INTRODUCTION EXCERPT: These excerpts are not professionally edited as my book will be. These excerpts may appear differently in the final product. They are posted only for a preview of content.
I am a lawyer. Well, I was once a lawyer. I was an addicted lawyer.
I was addicted to cocaine, alcohol and Ambien for starters. (Ambien withdrawal is brutal) Loved the long oblong Xanax pills and opioid medication when I could get it either through a friend who battled leukemia or making up pain I didn’t have for a prescription.
I never used heroin, crack cocaine or “meth”. I don’t know why. Maybe just the circles I ran in. Maybe my self- deception of “privileged status” cause me to consider crack and meth beneath me. Not just status of occupation but status of a last name in a town where more often than not it was recognized. It got me things. It got me drugs and easier access to drugs. I was a high class, suburban addict. Poor people used crack. Suburban housewives, “Hillbillies” and “Rednecks” used meth. Powdered cocaine only. My drug buddies only used powdered cocaine(at least in front of me). I knew where to get my powdered cocaine. Hand to hand cocaine and money exchanges in the garage of the Merrill Lynch Building where my gym was. Cocaine and a workout. Transactions outside of bars just off the campus of Southern Methodist University were easy. Hundred dollars in hand, window open. Boom! Just keep driving. A personal drug-dealer who made house calls and gave me coke on credit when I was broke. My kind of guy.
The only pause and second guessing I ever had during the climb to the apex of the addiction roller coaster, was the very first time I used as thoughts of Lenny Bias went through my mind as the powder entered my right nostril. Lenny, a first round draft pick of the NBA Boston Celtics in 1986 is a cautionary tale that anyone can die using cocaine the first time or the one thousand time. No warning. No second chance. Just dead. Lenny died on in such a way on July 19th 1986. Just under three months before I took my first snort. I had no idea what I was putting my my nose any more than Lenny did. I was chasing a feeling that I had been chasing since my teens. That chase was more powerful than thoughts of Lenny. That chase was more powerful than being prevented from taking the Texas bar exam if I was caught. The latter thought never entered my mind then or a few moments later when I was officially a drug addict. The very… first.. time..
Heroin was not my thing. I’ve never seen anyone use heroin. If I had, and it looked like they were having the feelings I considered important in my high, I would have gone that way. It was all about achieving a feeling that made me feel like I was accepted and loved and confident. Cocaine gave me that (at first) so that was fine. Heroin was also very expensive at that time as compared to cocaine. Today it has reversed and we are in the midst of a heroin addiction and prescription opioid addiction epidemic. It’s in the news every day. People dying. Young people. Old people.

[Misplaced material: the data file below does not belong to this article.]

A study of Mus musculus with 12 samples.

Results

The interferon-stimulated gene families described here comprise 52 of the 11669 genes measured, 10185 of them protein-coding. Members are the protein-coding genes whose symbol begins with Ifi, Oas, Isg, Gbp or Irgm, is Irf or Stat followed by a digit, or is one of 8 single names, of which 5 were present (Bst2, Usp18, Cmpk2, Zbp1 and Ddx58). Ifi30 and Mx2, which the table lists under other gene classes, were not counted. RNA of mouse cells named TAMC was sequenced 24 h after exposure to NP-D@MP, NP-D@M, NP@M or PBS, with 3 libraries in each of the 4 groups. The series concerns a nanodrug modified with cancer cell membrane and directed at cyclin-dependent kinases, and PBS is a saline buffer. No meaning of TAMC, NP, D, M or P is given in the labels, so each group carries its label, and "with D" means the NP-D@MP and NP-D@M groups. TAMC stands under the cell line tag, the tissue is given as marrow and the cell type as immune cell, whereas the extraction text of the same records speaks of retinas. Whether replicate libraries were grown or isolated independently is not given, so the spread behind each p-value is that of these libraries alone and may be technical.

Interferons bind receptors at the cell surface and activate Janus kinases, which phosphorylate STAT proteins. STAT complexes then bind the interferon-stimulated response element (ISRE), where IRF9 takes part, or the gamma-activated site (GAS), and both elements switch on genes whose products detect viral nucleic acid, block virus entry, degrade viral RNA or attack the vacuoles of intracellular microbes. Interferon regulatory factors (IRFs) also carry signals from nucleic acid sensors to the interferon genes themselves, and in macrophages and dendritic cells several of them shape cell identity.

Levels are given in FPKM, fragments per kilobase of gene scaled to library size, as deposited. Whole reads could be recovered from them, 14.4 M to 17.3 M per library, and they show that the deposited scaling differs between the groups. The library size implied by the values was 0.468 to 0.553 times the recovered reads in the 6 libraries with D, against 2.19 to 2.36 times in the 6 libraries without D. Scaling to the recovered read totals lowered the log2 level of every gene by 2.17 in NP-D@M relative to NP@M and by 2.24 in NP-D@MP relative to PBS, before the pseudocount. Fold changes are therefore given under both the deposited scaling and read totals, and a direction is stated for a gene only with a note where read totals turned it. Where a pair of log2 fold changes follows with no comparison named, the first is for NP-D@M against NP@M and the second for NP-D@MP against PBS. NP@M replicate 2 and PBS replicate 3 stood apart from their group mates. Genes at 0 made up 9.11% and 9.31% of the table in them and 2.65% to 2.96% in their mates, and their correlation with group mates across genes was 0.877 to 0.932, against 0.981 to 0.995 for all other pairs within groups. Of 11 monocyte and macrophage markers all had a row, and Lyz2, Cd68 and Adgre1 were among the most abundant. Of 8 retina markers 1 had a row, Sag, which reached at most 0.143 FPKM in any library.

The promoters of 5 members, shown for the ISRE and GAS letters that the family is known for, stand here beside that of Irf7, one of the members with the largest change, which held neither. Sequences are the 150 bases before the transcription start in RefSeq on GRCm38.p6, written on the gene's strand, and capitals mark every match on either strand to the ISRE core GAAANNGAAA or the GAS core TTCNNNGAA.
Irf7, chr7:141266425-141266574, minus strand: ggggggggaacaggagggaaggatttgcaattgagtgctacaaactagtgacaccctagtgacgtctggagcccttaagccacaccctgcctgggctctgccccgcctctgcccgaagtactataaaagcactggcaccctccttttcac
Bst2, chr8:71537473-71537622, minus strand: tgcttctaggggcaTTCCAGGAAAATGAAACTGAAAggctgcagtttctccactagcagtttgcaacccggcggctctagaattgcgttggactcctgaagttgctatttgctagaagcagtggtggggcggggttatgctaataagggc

I am currently in long term recovery and have been since April 8th 2007. Hopefully still going strong, one day at a time, when you read this book. I attend 12-step meetings at various rates. I have never been to in-patient drug or alcohol treatment. I have been in private counseling with a shrink for many years. Think that’s enough? I’m not done yet..
I also battled an eating disorder for over two decades. Yes, men do get eating disorders. Let’s keep going. I self-harmed for a while. Loved to punch myself in the face when I felt stupid. Who does that? Clinically depressed. Came close to suicide in 2005. Two trips to a local psychiatric facility. Wrap it all up in a package called body dysmorphic disorder. Ok. I’m done.
Quite a resume of dysfunction if I must say so myself! I know what you’re thinking. “He’s a lawyer” With all that going on, this guy had to have been disciplined by a state bar at some point. Stolen client money at some point to fund his habit. Sued for malpractice? Disbarred? My answer is no to all.
You forgot one question. Ask me if my ongoing dysfunction prevented me from providing my clients with the effort and service they expect and deserve when giving me their hard earned money to represent them. Ask me if I should have been have had grievances filed against me for failure to provide proper representation and taking cases I was not qualified to take because I needed money to fund my addiction. The answer is yes.
Ask me if I would have done better as a law student if I would have taken advantage of whatever mental health resources the University Of Pittsburgh had in the mid 1980’s. I honestly don’t know. I generally don’t believe in looking back on “revisionist recovery” but it probably would have only helped. In this book I will engage in it to some degree and tell you what I wish I had done and what I wish was available to me and what is available to you present day.
None of this is something a lawyer probably wants to include on his/her Biglaw or in-house resume or a law student wants to reveal to the National Conference of Bar Examiners when applying to take the bar exam or even to the student health services of his/her law school. Better to maintain the appearance of strength than actually be strong. That’s what being a lawyer is about right? The projection of confidence and strength in an adversarial system inherently designed for our opponents to take advantage of perceived weakness, no matter what that weakness, including mental health challenges. Why even bother getting help. Why even talk about it?